Updated: May 27
This is post 5 of 9 in our Little's Law series.
Not to get too morbid, but in police detective work, when a married woman is murdered, there are only three rules to determine who the killer is:
1. It's always the husband
2. It's always the husband
3. It's always the husband
The same thing is true when your flow metrics are murdered by your process:
1. It's always the assumptions
2. It's always the assumptions
3. It's always the assumptions
Think back to the first experiment I had you run at the start of this blog series. I had you look at your data, do some calculations, and determine if you get the results that Little's Law predicts. I even showed you some example data of a real process where the calculated metrics did not yield a valid Little's Law result. I asked you at the time, "What's going on here?"
If you've read my last post, then you now have the answer. The problem isn't Little's Law. The problem is your process. The Throughput form of Little's Law is based on five basic assumptions. Break any one or more of those assumptions at any one or more times, and the equation won't work. It's as simple as that.
For convenience for the rest of this discussion, I'm going to re-list Little's assumptions for the Throughput form of his law. Also, for expediency, I am going to number them, though this numbering is arbitrary and is in no way meant to imply an order of importance (or anything else for that matter):
1. Average arrival rate equals average departure rate
2. All items that enter a workflow must exit
3. WIP should neither be increasing nor decreasing
4. Average age of WIP is neither increasing nor decreasing.
5. Consistent units must be used for all measures
In that earlier post, I gave this example from a team that I had worked with (60 days of historical data):
WIP: 19.54, TH: 1.15, CT: 10.3
For this data, WIP / TH is 16.99, not 10.3.
What that tells us is that at one or more points during that 60-day time frame, this team violated one or more of Little's Law's assumptions at least one or more times. One of the first pieces of detective work is to determine which ones were violated and when. Almost always, a violation of Little's Law comes down to your process's policies (whether those policies are explicit or not). For example, does your process call for expedites that are allowed to violate WIP limits and that takes priority over other existing work? If so, for each expedited item you had during the 60 days, you violated at least assumptions #3 and #4.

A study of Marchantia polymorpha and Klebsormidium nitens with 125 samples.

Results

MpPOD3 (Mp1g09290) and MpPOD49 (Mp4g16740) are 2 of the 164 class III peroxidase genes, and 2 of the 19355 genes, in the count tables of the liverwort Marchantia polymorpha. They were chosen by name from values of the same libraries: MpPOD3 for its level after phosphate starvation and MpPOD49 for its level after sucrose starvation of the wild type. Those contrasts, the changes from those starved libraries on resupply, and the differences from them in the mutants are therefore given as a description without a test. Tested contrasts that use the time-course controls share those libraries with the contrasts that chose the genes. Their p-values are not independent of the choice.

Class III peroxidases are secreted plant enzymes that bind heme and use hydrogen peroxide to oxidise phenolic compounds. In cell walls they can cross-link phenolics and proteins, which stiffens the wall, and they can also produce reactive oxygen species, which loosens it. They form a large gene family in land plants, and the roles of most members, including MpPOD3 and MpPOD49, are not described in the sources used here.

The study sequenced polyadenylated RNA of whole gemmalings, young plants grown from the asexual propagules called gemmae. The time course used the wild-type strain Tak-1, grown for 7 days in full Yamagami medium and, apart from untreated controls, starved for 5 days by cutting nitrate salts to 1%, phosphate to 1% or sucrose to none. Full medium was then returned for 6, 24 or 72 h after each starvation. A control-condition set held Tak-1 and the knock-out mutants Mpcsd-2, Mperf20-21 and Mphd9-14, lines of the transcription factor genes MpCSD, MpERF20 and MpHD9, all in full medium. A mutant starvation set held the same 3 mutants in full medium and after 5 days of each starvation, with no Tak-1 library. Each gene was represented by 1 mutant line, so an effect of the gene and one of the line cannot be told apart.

Did you have blockers that you ignored? If so, then you at least violated #4.
Did you cancel work and just delete it off the board? If so, then you violated #2.
And so on.
This was quite possibly the easiest post to write in this series -- but probably the most important one. A very quick and easy health check is to compare your calculated flow metrics with those that are calculated by Little's Law. Are they different? If so, then somewhere, somehow, you have violated an assumption. Now your detective work begins. Do you have process policies that are in direct contradiction to Little's Law's assumptions? If so, what changes can you make to improve stability/predictability? Do you have more ad hoc policies that contradict Little? If so, how do you make them more explicit so the team knows how to respond in certain situations?
The goal is not to get your process perfectly in line with Little. The goal is to have a framework for continual improvement. Little is an excellent jumping-off point for that.
Speaking of continual improvement, when it comes to spotting improvement opportunities as soon as possible, there is one assumption above that is more important than all of the others. If you have followed my work up until now, then you know what that assumption is. If not, then read on to the next post...
Explore all entries in this series
It's Always the Assumptions (this article)
About Daniel Vacanti, Guest Writer
Daniel Vacanti is the author of the highly-praised books "When will it be done?" and "Actionable Agile Metrics for Predictability" and the original mind behind the ActionableAgile™️ Analytics Tool. Recently, he co-founded ProKanban.org, an inclusive community where everyone can learn about Professional Kanban, and he co-authored their Kanban Guide.
When he is not playing tennis in the Florida sunshine or whisky tasting in Scotland, Daniel can be found speaking on the international conference circuit, teaching classes, and creating amazing content for people like us.